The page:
As some of my readers may recall, I recently read and reviewed a wonderful autobiography of neurosurgeon Katrina Firlik and her experiences in the operating room (Another Day in the Frontal Lobe). Curiosity got the better of me and I thought I'd go digging around for more doctors who moonlight as authors. Here are the fruits of that search...
As I Live and Breathe
by Jamie Weisman
A memoir in which the author, born with a rare defect in her immune system, looks at illness and medicine from her dual perspectives as both a patient and a doctor, discussing the fickleness of disease, and the real desire of both patients and physicians for restored health.
One hundred days : my unexpected journey from doctor to patient
by David Biro
The author, a doctor in New York City, tells the story of his life-threatening struggle with the rare disease paroxysmal nocturnal hemoglobinuria, or PNH, discussing, among other aspects, his bone marrow transplant.
by Robert Pensack
This memoir by 43-year-old psychiatrist Pensack is really three stories in one: his battle to survive HCM (hypertrophic cardiomyopathy), a usually fatal hereditary disease of the heart muscle; the struggle to retain his sanity; and his simultaneous efforts to complete medical school. Accounts of heart failure, near-death episodes and months of waiting for an available replacement heart, followed in 1993 by the suspenseful, prolonged surgery at University Hospital in Denver, recovery, and beginning of what Pensack hopes will be a new life make for wrenching and engrossing reading.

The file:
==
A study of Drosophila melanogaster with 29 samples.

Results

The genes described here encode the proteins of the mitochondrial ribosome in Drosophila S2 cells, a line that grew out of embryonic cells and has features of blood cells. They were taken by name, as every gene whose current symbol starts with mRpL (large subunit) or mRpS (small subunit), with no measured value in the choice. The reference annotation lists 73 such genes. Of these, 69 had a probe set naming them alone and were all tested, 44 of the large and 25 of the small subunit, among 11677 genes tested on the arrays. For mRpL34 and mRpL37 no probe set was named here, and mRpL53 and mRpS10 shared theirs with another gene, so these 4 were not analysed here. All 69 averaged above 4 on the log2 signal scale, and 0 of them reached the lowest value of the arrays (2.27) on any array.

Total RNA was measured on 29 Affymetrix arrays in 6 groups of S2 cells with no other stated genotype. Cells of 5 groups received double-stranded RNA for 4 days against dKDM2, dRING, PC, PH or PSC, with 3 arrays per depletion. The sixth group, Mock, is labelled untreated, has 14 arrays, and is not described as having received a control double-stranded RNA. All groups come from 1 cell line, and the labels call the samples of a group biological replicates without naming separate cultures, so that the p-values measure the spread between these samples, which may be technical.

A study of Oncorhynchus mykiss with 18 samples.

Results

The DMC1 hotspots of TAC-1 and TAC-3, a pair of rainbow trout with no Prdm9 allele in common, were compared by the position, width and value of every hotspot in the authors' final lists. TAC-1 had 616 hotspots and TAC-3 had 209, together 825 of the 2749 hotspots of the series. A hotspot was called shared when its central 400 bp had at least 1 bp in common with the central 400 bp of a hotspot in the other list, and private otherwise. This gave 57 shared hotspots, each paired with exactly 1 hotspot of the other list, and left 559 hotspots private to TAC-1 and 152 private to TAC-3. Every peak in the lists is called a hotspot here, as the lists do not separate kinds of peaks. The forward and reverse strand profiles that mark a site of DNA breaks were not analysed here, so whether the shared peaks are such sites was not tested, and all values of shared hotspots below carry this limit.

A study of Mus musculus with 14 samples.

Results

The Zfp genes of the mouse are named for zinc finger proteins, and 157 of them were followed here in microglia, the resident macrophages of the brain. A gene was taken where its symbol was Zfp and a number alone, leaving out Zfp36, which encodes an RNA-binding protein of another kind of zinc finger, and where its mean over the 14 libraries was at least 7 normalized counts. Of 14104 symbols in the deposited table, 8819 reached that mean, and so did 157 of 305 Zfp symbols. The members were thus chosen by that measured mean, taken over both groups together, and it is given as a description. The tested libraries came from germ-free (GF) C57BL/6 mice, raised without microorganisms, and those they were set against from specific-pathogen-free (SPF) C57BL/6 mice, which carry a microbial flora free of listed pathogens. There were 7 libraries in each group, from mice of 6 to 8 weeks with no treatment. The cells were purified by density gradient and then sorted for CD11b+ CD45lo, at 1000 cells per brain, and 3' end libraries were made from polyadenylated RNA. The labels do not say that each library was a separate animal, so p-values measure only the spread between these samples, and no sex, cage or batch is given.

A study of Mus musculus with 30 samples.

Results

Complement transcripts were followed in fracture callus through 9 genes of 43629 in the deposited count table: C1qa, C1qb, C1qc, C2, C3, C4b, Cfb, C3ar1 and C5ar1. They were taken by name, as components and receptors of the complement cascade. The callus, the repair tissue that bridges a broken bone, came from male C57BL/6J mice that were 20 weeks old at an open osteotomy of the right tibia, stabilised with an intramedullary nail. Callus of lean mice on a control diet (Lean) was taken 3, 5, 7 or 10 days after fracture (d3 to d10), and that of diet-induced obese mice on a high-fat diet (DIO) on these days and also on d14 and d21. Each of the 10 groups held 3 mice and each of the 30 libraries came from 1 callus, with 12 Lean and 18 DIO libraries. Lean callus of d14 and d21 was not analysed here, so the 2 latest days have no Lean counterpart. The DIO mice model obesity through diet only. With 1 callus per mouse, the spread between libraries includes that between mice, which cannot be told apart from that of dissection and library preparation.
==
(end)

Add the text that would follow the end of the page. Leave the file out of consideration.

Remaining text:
Complications: A surgeon's notes on an imperfect science
by Atul Gawande
The author, nearing the end of eight years of training in general surgery, contemplates the nature of modern medicine, discussing the fallibility of doctors, the mysteries and unknowns of medicine and the struggle to know what to do about them, and the issue of uncertainty.
My own country : a doctor's story of a town and its people in the age of AIDS
by Abraham Verghese
Infectious disease specialist Verghese is a Christian from subcontinental India who earned his M.D. in Ethiopia, and living in various cultures has helped him to be open-minded toward and supportive of his patients, who currently are the veterans and civilians living in and around Johnson City in east Tennessee. His book covers the five years in the latter 1980s when AIDS began to make itself felt in the area and during which he treated gays, victims of tainted transfusions, and infected spouses.
What books would you add to this list?
*For more themed list fun, check out Listless Monday over at One Librarian's Book Reviews.